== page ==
On June 29, Alcoa (AA) filed Form-10 related to its split. In this part of the series, we’ll look at key takeaways from the filing. Then, we’ll explore how the takeaways will likely impact investors.
After the split, Alcoa would be renamed “Arconic.” The upstream business would be split into a new company that would be called “Alcoa.” After the split, Arconic would continue to have an ~20% stake in Alcoa. Another interesting development is the inclusion of the Rolled Products segment into Alcoa. When the split was originally announced, the segment was included in Arconic.
It’s important to note that the Rolled Products segment forms part of Alcoa’s GRP (Global Rolled Products) segment. The GRP segment caters to the fast-growing auto sheet market while also producing commodity grade can sheet products. The automotive and aerospace sectors (ITA) have been Alcoa’s focus for many quarters. The company competes with peers such as Precision Castparts (BRK-B), Constellium (CSTM), and Woodward (WWD) to capture the demand for aerospace components.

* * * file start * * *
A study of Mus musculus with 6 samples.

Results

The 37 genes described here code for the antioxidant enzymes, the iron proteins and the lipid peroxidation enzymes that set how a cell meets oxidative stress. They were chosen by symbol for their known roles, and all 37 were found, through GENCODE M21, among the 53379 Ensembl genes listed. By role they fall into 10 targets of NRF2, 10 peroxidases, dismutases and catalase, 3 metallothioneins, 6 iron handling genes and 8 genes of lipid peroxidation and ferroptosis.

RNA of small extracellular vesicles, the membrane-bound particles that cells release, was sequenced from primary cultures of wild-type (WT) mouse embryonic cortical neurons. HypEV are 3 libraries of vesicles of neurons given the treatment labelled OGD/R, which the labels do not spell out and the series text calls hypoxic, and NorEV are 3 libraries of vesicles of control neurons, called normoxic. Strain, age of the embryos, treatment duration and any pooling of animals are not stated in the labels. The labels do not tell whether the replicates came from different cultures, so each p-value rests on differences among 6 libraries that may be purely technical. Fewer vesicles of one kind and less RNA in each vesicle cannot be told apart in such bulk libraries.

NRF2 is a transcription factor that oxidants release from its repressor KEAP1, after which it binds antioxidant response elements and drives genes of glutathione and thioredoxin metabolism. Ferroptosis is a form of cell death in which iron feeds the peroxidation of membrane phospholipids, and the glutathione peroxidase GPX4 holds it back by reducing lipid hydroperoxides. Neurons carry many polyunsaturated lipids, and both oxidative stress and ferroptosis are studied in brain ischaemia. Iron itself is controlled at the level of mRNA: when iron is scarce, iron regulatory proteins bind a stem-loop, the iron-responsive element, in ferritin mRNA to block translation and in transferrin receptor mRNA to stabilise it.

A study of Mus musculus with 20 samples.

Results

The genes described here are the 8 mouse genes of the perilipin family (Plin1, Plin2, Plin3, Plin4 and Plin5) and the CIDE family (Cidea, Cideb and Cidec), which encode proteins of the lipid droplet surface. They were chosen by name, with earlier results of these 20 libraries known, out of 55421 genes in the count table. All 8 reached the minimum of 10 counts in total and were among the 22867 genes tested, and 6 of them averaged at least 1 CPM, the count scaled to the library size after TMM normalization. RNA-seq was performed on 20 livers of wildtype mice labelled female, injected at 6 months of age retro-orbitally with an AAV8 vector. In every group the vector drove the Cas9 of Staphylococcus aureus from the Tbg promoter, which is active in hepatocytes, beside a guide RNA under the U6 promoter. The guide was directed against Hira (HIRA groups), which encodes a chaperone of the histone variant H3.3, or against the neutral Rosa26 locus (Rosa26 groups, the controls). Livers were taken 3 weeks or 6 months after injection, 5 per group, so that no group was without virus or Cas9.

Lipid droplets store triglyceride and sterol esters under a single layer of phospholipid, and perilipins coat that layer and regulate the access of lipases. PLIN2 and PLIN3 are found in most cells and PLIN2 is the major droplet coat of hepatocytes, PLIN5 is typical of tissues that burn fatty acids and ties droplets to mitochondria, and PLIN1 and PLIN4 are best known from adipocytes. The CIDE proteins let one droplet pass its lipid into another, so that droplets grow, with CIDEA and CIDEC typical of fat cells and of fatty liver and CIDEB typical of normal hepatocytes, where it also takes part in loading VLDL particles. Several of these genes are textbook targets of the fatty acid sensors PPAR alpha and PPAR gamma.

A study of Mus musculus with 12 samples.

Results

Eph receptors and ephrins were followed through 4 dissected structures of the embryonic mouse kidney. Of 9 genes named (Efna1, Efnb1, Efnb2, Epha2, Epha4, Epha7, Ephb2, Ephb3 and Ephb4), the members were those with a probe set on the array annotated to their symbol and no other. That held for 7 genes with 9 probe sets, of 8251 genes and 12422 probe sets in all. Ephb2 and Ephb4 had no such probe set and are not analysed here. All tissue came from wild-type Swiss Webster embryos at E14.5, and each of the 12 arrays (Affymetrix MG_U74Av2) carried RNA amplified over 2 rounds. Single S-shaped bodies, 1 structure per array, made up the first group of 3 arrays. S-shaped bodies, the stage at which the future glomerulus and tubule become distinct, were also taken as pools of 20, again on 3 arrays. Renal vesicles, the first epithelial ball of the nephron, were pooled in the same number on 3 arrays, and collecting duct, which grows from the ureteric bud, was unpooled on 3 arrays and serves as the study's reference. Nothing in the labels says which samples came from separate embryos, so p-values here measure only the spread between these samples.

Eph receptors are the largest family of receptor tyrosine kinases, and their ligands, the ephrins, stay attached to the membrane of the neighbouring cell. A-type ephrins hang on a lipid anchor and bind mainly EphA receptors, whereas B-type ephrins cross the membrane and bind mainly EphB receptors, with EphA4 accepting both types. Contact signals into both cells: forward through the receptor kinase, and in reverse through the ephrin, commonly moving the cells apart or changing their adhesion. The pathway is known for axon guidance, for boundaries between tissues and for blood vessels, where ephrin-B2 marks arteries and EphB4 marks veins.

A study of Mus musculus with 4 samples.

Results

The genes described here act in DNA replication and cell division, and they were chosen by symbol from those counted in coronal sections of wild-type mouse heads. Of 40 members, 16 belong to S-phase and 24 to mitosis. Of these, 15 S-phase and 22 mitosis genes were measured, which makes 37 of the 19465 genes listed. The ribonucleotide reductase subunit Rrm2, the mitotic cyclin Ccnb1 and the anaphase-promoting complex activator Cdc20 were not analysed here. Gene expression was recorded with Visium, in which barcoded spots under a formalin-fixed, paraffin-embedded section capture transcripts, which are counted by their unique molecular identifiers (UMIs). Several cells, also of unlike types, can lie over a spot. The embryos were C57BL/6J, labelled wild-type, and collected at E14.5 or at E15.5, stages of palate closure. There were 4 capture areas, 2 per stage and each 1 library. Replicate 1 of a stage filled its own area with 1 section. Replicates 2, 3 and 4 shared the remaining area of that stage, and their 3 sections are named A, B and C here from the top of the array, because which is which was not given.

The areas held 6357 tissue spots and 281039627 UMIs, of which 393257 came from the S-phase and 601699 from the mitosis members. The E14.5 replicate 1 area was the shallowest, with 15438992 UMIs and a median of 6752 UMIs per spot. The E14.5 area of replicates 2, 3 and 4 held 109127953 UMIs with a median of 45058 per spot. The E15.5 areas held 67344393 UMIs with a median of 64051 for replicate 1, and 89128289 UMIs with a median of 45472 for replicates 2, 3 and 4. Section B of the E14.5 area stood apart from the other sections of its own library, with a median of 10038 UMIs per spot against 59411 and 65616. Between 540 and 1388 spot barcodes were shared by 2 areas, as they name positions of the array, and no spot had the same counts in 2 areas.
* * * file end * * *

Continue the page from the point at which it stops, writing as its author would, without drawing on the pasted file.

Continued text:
Alcoa’s current debt would be owned by Arconic. After the split, Alcoa would raise $1 billion that would be paid to Arconic. Arconic plans to use the funds to repay some of the debt that it would assume after the split.
Another lingering question about the split is related to pension obligations. Alcoa provided the breakup of the post-split pension and OPEB (other post-employment benefits) liabilities. Alcoa would have ~$2.6 billion in pension liabilities, while Arconic would take the remaining $3 billion in liabilities.
In the coming parts of these series, we’ll see how these aspects would impact Alcoa and Arconic after they’re listed separately.